Los eventos de las últimas semanas han puesto de actualidad los riesgos de contagio a los que se someten los profesionales de la medicina y el personal médico de los hospitales y centros de salud. Para prevenirlos y evitar la expansión de enfermedades infecciosas es necesaria la formación de los trabajadores, pero también resulta fundamental el avance tecnológico. Así lo defendió el pasado miércoles Joaquín Fernández-Crehuet Navajas, jefe del servicio de Medicina Preventiva del Hospital Clínico
65 apps. That’s how many the average big pharma company has created to support their drug portfolios. Pharma’s beyond the pill market has spurred development of a prodigious number of apps. But as Research2markets’ report reveals, there’s a pretty wide gap in the audience these companies are seeking and what they want to achieve with these apps.
The goal may be to help users better understand their condition and track how they feel on a particular medication. On the other hand it may be geared to healthcare professionals. It may be designed to improve communication between physicians and their patients. Pharma companies are likely to be disappointed by the assessment by Research2markets in its Pharma App Benchmarking report, but it does show an industry that, counter to most assumptions, does recognize the potential benefits of mobile health to reach patients and companies continue to tweak their approach.
“…the leading Pharma companies have been able to generate 6.6 [million] downloads since 2008 and have less than 1 [million] active users. Given their position in the healthcare market, their app publishing efforts and the performance of some garage-type mHealth app publishers, this performance cannot make any Pharma company happy.”
There is a lot more diversity with pharma generated apps than the typical technology oriented apps. The end users could be physicians, consumers, caregivers. The app may focus on a rare disease or chronic condition. Another cause could be that pharma apps tend to be built around core products rather than market demand as the primary consideration. Many of these apps aren’t available globally/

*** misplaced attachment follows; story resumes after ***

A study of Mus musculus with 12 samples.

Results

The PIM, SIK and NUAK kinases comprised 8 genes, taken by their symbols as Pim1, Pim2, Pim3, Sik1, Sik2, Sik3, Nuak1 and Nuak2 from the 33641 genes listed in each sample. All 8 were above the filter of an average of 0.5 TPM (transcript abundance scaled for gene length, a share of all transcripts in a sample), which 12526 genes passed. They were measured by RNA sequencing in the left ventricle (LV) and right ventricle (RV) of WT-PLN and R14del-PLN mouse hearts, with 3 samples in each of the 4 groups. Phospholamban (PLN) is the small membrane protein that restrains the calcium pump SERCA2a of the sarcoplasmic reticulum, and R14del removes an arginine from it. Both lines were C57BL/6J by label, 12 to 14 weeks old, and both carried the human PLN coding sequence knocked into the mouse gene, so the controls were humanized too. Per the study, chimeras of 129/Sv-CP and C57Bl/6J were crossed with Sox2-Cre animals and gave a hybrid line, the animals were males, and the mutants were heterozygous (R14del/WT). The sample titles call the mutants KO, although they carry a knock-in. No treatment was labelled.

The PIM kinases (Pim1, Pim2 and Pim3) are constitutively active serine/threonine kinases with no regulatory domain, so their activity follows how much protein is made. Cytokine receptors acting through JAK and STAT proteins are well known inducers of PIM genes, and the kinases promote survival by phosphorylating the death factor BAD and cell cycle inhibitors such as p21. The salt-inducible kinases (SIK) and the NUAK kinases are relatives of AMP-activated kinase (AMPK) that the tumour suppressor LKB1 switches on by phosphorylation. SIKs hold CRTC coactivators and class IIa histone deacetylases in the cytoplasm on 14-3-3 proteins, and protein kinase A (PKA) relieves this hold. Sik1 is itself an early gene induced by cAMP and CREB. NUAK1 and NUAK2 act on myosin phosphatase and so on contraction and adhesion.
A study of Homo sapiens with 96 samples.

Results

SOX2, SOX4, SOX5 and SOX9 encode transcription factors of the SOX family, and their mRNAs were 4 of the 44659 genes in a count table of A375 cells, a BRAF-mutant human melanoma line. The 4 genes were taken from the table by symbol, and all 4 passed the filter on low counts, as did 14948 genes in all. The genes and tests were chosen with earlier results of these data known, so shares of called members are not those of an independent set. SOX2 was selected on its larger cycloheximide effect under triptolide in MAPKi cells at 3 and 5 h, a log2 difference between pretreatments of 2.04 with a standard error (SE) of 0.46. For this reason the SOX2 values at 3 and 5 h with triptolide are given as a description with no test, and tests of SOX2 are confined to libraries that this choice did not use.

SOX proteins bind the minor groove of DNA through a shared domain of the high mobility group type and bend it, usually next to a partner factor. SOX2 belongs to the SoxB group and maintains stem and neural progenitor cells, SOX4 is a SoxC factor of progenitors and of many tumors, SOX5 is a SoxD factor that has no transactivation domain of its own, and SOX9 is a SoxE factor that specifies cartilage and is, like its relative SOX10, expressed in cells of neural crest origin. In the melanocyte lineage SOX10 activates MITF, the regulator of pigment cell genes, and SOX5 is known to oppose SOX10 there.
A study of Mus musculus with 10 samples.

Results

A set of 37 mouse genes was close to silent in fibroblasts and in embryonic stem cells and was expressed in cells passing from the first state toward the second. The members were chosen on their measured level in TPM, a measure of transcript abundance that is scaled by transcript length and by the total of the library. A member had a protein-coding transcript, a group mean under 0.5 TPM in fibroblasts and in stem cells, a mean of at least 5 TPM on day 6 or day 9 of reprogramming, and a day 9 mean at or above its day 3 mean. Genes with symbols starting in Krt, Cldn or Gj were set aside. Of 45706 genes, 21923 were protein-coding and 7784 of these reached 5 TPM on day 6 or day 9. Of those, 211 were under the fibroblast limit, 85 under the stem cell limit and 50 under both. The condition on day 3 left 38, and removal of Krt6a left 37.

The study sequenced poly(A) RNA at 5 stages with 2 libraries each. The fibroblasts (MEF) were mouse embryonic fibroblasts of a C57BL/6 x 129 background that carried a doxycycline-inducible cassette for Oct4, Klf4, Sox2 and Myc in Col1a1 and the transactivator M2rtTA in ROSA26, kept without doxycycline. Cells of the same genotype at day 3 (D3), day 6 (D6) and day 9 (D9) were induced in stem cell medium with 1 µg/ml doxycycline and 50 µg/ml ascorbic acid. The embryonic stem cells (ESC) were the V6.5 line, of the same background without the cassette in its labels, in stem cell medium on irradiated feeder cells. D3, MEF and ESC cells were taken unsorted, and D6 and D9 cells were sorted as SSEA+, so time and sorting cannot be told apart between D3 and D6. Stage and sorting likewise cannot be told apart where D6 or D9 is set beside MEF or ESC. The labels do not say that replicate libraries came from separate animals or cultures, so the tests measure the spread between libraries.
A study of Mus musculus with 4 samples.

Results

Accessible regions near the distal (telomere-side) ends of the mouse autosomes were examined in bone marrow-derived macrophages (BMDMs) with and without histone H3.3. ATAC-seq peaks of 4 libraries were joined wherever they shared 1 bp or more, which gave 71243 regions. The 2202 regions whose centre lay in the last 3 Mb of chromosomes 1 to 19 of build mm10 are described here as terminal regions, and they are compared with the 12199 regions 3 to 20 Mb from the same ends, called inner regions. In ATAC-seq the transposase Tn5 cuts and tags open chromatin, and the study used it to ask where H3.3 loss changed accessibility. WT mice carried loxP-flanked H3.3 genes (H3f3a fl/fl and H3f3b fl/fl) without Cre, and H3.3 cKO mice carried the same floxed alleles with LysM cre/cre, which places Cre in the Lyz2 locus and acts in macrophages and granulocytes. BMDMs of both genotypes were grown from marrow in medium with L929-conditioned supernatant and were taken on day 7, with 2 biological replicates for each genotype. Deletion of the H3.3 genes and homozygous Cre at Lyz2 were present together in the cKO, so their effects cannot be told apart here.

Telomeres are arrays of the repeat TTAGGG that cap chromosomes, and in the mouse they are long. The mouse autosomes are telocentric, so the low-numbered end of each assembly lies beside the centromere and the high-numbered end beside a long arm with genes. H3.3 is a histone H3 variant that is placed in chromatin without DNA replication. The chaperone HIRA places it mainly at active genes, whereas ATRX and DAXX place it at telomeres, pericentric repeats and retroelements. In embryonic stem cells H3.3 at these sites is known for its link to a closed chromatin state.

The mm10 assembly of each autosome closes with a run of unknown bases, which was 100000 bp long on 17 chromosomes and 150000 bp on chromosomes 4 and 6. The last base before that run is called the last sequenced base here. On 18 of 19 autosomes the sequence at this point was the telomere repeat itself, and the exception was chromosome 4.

The report breaks apps into three categories:
Niche players include Roche or Bristol-Myers Squibb which use apps to support core products. Many of their apps are geared to healthcare professionals compared to pharma companies that fall into the other categories. Inevitably these apps have a smaller audience than those for consumers.
First success This group includes companies that are courting the mass market and garner a higher than average number of downloads. In fact, a few generate hundreds of thousands of downloads according to the report. Merck’s apps definitely conform to the 80:20 rule. Most user downloads are from three of its apps. If it was not for these three apps, Merck’s app portfolio performance would be disappointing.
Still trying applies to the likes of Bayer Healthcare and Novartis. Although they have been very productive on the app front, their downloads remain relatively small.
Mental health, specifically depression, is in the spotlight due to the untimely death of Robin Williams last week. It has sparked much discussion of how mental healthcare could be improved to reduce the likelihood of such tragedies.
Back in July, Twitter launched an impressive analytics dashboard that was only accessible by advertisers and verified users. As of last week, however, this wealth of data became available to the public.
Earlier this month, The Guardian released a video that has given certain sectors of society the heebie jeebies. It seems that technology is now so advanced that traditional middle class professions are starting to worry. But are robot doctors, online lawyers and automated architects really becoming a reality?